SOCIAL ENTERPRISE NEWS
This article appeared on the Social Enterprise World Forum website on 09/09/18 and on the PwC website on 03/09/18 as part of a SEWF series.
A decade ago social enterprise existed at the fringes of Scottish society. Today, just ten years later, public awareness of social enterprise and political support have both grown rapidly. We’re now becoming mainstream.
As the Social Enterprise World Forum takes place in Scotland, now is the ideal time to reflect on our achievements. This impressive global summit originated in Scotland and returns to Edinburgh on 12-14 September for its tenth anniversary.
The purpose of the World Forum is for social enterprise leaders, practitioners and supporters from all over the world to come together to share knowledge, build networks and discuss practical ways to build a more sustainable economy. It also attracts business support agencies, policy makers, community leaders, investors, activists and academics from across the globe. Previous locations include San Francisco, Johannesburg, Rio de Janeiro, Hong Kong and Christchurch.
Impressive global ventures like the Homeless World Cup are well known and there are many others. Grassmarket Community Project sells tartan textiles to California and Shanghai, and Hey Girls is exporting its sanitary products to tackle period poverty.
Rural social enterprises like Knockando Wool Mill have been making waves too, developing e-commerce platforms to target international customers. Shetland Soap Company has taken forward the innovation of new products and tourism, seeing sales rise throughout Europe. The rapidly expanding overseas hubs of the Social Enterprise Academy are bringing Scottish innovation to the global marketplace.
But where are we really at in Scotland in terms of social enterprise growth and influence? The Social Enterprise Census 2017 demonstrates a thriving sector but with some big challenges. There are now 5,600 social enterprises in Scotland, up from the 5,199 recorded in the first ever study in 2015. 599 social enterprises were formed in the last two years, up from around 200 a year noted in the first Census. Social enterprises employ the equivalent of 81,357 full time workers.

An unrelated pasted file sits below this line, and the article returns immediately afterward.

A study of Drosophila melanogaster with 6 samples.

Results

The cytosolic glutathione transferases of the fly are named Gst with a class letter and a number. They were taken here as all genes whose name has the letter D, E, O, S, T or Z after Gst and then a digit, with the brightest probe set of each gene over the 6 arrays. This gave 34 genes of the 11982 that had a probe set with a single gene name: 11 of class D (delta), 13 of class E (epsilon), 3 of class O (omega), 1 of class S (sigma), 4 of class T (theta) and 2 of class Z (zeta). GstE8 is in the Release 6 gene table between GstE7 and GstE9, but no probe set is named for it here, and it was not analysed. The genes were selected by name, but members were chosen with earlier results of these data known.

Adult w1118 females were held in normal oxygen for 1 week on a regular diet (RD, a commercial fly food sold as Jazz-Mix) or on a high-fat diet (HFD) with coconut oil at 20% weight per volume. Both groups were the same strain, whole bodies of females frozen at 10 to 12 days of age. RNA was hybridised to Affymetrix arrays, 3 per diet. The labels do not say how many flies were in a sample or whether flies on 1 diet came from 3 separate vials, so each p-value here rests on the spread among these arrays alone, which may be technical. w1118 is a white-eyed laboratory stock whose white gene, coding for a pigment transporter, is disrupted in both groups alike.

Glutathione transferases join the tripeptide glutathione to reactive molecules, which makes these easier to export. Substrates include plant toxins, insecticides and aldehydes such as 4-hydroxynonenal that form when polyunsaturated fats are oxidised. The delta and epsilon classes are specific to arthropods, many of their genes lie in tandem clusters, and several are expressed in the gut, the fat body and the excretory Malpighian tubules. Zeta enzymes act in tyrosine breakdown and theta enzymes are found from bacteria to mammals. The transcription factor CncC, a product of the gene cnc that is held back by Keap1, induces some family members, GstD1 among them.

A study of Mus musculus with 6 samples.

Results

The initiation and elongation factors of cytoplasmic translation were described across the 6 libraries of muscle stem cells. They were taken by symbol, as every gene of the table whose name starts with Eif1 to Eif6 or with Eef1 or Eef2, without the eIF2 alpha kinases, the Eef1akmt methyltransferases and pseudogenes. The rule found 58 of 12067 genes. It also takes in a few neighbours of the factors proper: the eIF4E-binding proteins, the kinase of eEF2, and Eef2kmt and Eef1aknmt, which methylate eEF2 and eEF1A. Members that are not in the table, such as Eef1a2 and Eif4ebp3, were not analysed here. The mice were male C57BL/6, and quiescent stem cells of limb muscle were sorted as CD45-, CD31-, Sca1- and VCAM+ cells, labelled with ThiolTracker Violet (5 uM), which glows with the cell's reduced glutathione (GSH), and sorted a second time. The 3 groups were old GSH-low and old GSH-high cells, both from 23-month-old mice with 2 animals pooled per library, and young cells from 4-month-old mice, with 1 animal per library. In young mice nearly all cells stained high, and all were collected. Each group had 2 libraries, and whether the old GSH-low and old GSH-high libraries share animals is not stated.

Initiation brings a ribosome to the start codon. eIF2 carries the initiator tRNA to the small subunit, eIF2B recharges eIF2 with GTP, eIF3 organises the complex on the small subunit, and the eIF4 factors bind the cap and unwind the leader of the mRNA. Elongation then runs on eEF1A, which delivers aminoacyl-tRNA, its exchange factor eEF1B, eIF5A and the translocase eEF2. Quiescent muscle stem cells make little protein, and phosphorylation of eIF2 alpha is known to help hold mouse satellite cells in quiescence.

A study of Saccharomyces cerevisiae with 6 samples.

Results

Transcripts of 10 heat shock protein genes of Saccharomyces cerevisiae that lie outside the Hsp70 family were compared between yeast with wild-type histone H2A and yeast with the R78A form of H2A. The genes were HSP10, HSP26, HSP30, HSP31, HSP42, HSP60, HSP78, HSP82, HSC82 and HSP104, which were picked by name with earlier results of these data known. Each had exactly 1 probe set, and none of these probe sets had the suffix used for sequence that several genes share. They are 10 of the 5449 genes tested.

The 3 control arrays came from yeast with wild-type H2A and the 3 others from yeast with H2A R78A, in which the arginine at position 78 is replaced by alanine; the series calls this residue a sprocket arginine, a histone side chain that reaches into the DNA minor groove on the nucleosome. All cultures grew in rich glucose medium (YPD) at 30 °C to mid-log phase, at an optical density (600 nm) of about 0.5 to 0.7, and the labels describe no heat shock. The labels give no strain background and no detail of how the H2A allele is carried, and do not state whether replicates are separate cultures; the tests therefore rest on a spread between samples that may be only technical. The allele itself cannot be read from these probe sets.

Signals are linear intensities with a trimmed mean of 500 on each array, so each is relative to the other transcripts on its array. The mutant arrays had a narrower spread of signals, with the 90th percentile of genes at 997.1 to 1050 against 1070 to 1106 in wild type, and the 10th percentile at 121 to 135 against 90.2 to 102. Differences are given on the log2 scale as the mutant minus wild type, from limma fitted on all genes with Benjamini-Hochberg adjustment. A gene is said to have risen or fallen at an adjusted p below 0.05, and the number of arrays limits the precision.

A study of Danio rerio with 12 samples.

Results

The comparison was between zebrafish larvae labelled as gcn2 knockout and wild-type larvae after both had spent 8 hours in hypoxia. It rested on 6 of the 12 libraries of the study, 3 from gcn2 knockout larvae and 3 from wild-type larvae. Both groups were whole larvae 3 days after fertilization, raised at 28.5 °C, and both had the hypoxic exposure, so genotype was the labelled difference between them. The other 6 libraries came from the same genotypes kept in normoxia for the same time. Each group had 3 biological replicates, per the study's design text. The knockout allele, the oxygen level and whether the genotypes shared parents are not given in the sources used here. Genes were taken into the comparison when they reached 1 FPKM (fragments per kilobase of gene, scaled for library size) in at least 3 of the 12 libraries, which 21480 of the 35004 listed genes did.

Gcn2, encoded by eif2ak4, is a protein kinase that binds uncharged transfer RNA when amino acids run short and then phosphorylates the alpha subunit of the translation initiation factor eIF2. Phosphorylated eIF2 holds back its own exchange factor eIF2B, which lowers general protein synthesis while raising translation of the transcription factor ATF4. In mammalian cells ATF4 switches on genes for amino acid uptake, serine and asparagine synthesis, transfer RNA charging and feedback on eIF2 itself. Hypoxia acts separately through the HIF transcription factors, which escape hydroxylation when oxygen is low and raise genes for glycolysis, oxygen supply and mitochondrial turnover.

We compare very well with other parts of the economy. The total annual income of social enterprises is £3.8bn, that’s up from £3.63bn in 2015. The net worth of Scotland’s social enterprises is £5bn, an increase from £3.86bn. The economic contribution (GVA) of Scotland’s social enterprises is £2bn, up from £1.68bn compared to last time.
When it comes to ethical business practices we’re doing well too. A total of 64% of Scotland’s social enterprises are led by women. And 70% of Scotland’s social enterprises are led by and accountable to people in their local community. The average gap between lowest and highest paid in Scotland’s social enterprises is only 1 to 2.5. There is much more to do and of course more that could be measured, from environmental practices to workplace rights, LGBT+ equality and more.
But what do we really aim to achieve with the increased awareness, growth and impact of our movement? Indeed what is the purpose of social enterprise itself?
Ultimately it’s about building a new kind of economy, where everyone is included and where everyone can prosper. We seek to position social enterprise as part of this diverse movement. The real Living Wage, flexible working, local currencies, basic income, pay ratios, community ownership, co-operatives, high street regeneration, tax justice and fair trade all have a part to play. All of these different campaigns have the specific purpose of bringing long-term economic stability.
We want to drive forward wealth creation, ethical business practices and fairer workplaces. The social enterprise community must work in genuine partnership with both public and private sectors allies on this journey to a sustainable economy. Only by exchanging knowledge and working with businesses of all shapes and sizes can this be achieved.
A Scotland led by local, ethical and community businesses will be a happier and wealthier place. This is the core purpose of social enterprise and we look forward with eager anticipation to the next ten years.